App development high on Gartner’s strategic technology agenda
As we enter the final weeks of 2013, predictions for 2014 are beginning to pop up everywhere. Not so long ago Gartner announced its top ten strategic technology trends for 2014 at its US Symposium/ IT Expo.
As we enter the final weeks of 2013, predictions for 2014 are beginning to pop up everywhere. Not so long ago Gartner announced its top ten strategic technology trends for 2014 at its US Symposium/ IT Expo. These trends will be further discussed this week at the European version of this event in Barcelona.
Gartner defines a strategic technology as one with the potential for significant impact on the enterprise in the next three years. Its 2014 strategic trends range from the ‘happening in businesses now’ – like hybrid cloud and diverse mobile device management – to the ‘more like three years away in terms of business IT’ – like 3D printing. Looking at the more here-and-now trends they fall into two main, but intertwined categories: mobility and the cloud.
Cloud is clearly important to CIOs. Gartner lists ‘hybrid cloud as a IT service broker’, ‘client/cloud architecture’ and ‘the era of personal cloud’ in its top ten. What Gartner means by this last one is a situation where devices are effectively replaced by cloud services, for example Google Drive. Google Drive allows consumers to access files anywhere, from any device, and share them anywhere with anyone. But with the strengthening of EU data protection laws, businesses using the service could face fines in the upcoming year. This is because Google and other cloud providers cannot guarantee that customers’ data is never stored outside of EU countries. What’s more, they cannot guarantee security in the public cloud – as recently revealed NSA activities have shown. So if public cloud causes regulatory difficulties for businesses, we are likely to see greater interest in private cloud solutions where the hosting company can guarantee compliance with such data protection law. It will be interesting to see the European-focused discussion around Gartner’s cloud predictions this week.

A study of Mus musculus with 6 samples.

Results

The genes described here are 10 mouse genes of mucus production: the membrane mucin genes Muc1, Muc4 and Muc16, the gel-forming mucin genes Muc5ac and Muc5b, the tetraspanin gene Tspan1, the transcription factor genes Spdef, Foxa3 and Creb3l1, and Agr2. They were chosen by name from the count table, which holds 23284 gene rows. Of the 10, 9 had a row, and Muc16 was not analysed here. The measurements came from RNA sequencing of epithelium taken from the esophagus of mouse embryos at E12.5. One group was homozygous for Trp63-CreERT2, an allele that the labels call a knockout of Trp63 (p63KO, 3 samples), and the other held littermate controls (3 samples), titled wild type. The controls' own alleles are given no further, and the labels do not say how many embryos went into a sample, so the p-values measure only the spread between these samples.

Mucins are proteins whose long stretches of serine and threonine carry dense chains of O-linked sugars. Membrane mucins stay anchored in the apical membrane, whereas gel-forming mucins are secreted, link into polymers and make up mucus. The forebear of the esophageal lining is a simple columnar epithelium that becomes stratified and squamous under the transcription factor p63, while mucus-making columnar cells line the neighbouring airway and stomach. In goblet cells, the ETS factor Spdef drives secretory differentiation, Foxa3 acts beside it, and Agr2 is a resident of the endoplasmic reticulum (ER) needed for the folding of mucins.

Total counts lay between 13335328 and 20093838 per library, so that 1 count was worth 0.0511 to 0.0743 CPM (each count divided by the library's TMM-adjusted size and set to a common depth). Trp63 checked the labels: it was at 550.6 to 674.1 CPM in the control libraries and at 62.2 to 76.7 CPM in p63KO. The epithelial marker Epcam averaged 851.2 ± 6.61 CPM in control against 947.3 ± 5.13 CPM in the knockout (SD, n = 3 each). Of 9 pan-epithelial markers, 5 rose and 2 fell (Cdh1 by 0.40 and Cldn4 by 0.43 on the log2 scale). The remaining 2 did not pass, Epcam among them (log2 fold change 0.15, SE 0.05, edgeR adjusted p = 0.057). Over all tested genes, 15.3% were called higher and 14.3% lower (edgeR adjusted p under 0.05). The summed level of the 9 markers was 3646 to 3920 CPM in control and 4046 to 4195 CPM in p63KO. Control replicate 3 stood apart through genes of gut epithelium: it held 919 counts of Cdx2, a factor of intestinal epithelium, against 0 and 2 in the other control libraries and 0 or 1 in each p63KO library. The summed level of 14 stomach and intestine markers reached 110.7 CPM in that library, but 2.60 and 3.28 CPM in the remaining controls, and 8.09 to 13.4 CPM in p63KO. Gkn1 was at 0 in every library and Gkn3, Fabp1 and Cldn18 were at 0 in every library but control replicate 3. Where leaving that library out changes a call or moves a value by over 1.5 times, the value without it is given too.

Gartner’s second comment on this trend reinforces my point. Gartner says that: “Apps will continue to grow while applications will begin to shrink. Apps are smaller, and more targeted, while a larger application is more comprehensive. Developers should look for ways to snap together apps to create larger applications.” It’s the small apps that are easy for hobbyists to create, while I believe that developing larger applications (which in the B2B space are certainly not shrinking) and snapping together smaller ones will remain mostly the work of professional developers.
The market for tools to create mobile apps remains very diverse and there is a wide (and often confusing) range of products for developers to choose from. This is another health sign for our industry. Gartner estimates that there are over 100 potential tool vendors and consolidation is not likely to happen in earnest for a while.
I think that all this very positive news. Not only are we going to be able to tap into a larger pool of developer literate people, but application development is losing its geeky, niche image and becoming more mainstream, something that is surely good for the industry.